Before I start my review, I want to make it clear that I'm not recommending this book to a general audience. There is a lot of stuff that would make most people uncomfortable, so I would really only recommend it to a die hard Buffy fan, and even then with a few caveats. Okay, here's what I think!

A few weeks ago, I had the privilege of reading Buffy Season 8: Volume 8, “Last Gleaming.” This is definitely a must read for any Buffy/Angel fan who is itching to find out what their favorite characters are up to now.  I’m still reeling from the unexpected death of a key character. In this scene, the extremely talented authors and artists somehow are able to instill dramatic pauses and timing, reminiscent of “The Body,” into the pages and artwork of this comic.  In this volume, the storylines of both beloved TV series Buffy and Angel culminate into a tragic, yet strangely appropriate finale. The developments in this comic are perfectly fitting when one remembers the years they spent with Buffy in Sunnydale and Angel in Los Angeles.  

However, remembering the series, especially Angel, with this bleak future in mind, is simply heart wrenching! A part of me wishes this volume had a sappy ending where Buffy marries Spike or Angel (I would have preferred Angel), has super powerful babies and trains them to fight the good fight against continuous waves of baddies. In fact, the writers dangle this sort of happy ending in front of the readers when Buffy recounts Angel’s sacrificial behavior “That’s not just the love of my life, that’s the guy I would live it with,” only to abruptly snatch it away.

In the TV series, Angel and Buffy battle with their self-serving desires to be together and their self-sacrificing duty to save the world. It was such a common theme it eventually became a running joke. Somehow, “Last Gleaming” forces the reader to recognize the tragic reality that the star-crossed lovers cannot be together, and does so without being redundant or melodramatic. Quite the feat! I haven’t given up hope yet that someday, Angel and Buffy might have that white picket fence life I’ve imagined for them, but it definitely does not seem as inevitable as I thought it once was.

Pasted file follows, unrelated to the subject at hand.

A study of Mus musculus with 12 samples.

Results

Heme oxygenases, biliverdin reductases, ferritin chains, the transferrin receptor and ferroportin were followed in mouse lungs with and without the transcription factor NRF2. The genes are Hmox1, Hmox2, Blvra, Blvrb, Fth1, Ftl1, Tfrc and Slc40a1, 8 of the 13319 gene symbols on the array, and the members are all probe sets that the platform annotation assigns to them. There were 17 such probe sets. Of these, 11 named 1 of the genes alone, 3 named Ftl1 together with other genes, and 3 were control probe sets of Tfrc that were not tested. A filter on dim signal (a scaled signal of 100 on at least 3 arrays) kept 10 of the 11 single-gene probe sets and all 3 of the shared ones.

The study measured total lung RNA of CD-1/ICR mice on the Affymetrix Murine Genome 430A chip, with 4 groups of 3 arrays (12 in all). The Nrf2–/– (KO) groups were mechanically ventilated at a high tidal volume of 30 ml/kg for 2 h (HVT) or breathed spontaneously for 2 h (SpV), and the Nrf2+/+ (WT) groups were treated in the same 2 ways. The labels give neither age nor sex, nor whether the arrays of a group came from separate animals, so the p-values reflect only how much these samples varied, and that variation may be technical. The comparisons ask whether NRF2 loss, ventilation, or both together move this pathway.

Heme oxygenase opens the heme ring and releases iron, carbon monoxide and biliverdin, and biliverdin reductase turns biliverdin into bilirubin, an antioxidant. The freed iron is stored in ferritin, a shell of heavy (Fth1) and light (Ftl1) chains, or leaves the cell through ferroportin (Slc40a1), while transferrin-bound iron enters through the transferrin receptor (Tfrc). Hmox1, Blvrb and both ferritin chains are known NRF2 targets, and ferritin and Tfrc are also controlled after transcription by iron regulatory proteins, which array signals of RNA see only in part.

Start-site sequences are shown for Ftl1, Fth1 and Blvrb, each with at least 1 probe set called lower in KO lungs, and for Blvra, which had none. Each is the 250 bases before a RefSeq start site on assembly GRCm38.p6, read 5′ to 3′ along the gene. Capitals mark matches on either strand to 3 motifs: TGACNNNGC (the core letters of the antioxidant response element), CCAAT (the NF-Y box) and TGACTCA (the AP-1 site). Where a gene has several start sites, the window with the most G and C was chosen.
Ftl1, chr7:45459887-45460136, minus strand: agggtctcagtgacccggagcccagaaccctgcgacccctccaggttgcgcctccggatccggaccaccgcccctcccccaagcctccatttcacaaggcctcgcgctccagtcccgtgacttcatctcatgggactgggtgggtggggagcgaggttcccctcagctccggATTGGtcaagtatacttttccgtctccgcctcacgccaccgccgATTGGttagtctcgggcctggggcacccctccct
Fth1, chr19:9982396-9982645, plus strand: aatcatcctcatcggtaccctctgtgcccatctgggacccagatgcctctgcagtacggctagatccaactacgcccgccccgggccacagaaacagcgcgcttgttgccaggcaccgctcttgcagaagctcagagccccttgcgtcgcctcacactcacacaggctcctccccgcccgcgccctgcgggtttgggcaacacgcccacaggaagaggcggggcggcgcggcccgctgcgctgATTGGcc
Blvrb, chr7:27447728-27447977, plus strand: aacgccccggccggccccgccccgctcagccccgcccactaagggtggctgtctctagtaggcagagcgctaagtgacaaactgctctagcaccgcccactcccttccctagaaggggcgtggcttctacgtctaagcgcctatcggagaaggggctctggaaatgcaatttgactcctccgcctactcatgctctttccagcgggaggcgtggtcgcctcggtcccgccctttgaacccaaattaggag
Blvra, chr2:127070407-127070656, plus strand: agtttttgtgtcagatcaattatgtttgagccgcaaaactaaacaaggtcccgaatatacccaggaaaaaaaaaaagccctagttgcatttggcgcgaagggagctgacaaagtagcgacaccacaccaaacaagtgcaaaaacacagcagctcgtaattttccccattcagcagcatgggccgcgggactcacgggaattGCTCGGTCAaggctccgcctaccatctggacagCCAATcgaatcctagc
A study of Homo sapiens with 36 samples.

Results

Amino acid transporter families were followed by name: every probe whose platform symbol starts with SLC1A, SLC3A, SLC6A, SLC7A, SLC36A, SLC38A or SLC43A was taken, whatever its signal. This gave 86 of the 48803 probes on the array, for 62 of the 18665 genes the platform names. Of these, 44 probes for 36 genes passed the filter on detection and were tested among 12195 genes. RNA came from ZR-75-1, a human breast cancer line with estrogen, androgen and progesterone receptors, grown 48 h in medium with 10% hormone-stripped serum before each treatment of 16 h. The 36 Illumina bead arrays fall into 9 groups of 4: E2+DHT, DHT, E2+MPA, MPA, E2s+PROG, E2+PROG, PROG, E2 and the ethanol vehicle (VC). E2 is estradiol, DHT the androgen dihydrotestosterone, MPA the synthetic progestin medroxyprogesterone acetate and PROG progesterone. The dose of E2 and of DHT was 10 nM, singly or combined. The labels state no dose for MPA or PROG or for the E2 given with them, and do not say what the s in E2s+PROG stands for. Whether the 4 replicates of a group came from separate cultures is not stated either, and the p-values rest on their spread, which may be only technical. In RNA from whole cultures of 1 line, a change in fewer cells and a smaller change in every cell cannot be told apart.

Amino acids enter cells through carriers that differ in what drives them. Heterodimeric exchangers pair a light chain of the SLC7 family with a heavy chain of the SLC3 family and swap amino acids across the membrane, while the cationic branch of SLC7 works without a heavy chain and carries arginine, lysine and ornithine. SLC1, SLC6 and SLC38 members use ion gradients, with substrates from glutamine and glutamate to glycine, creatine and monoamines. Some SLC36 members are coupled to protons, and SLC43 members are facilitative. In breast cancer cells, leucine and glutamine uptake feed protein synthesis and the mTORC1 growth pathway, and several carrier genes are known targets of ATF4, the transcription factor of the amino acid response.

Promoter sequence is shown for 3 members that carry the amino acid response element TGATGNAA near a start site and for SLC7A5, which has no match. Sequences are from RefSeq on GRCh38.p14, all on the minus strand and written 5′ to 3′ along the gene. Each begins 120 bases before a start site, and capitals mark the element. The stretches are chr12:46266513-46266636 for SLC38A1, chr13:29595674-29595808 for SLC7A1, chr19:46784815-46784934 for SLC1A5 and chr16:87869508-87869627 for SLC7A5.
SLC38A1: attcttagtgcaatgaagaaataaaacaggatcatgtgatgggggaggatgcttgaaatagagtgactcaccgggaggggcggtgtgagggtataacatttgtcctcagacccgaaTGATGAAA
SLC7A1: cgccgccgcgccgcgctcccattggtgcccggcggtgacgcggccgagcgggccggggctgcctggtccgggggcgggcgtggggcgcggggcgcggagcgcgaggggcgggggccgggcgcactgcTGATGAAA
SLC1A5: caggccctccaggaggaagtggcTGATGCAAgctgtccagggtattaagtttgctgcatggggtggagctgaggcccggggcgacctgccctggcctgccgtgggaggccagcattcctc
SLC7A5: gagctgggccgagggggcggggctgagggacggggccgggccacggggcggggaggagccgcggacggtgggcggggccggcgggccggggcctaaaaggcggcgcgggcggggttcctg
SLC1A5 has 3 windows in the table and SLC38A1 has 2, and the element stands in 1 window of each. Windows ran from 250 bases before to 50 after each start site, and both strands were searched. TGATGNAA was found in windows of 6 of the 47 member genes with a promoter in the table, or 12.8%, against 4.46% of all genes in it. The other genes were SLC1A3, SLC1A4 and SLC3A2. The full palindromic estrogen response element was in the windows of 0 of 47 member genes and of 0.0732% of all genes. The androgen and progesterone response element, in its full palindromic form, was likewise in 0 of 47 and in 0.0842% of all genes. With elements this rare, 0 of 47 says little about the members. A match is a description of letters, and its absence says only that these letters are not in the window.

Hope is the most interesting theme of this volume. Season 7 ends when Buffy and the Scooby-gang have unleashed the power of the Slayer, their potential to fight evil seems limitless. Hope has prevailed. But Season 8 begins with the sober reality that changing the world is not that simple. The entire season revolves around Buffy’s, the gang’s and the countless slayers’ struggle to make sense of Buffy’s monumental decision which, instead of revealing a powerful weapon against evil, unleashed an entirely new evil. So, how does Season 8 make sense of this disequilibrium? “The trouble with saving the world is…you don’t.” This shows a dramatic change from the Buffy at the beginning of Season 8 who says in “The Long Way Home,” “The thing about changing the world…once you do it, the world’s all different.” Has the world changed at all? Did Buffy et al. even leave a dent in evil’s armor? Were any of their sacrifices worth it? Here is her answer in the final pages of Volume 8: “…you don’t. Not all at once. You just inch it forward a bit at a time, and watch it slip back, like the Greek guy with the rock. And you hope that when you’re done, you’ve moved it up a little, changed it just enough. You hope. Let’s go to work”

Man, is this just a story or a philosophy!? What I love most about the Whedonverse is that within each plotline is the constant reminder that there is a difference between good and evil, and it’s huge. It may not be vampires or Reavers in real life, but it’s just as easy to identify and just as important to fight against. Life’s not about white picket fences, is it? It’s about self-sacrifice and hope.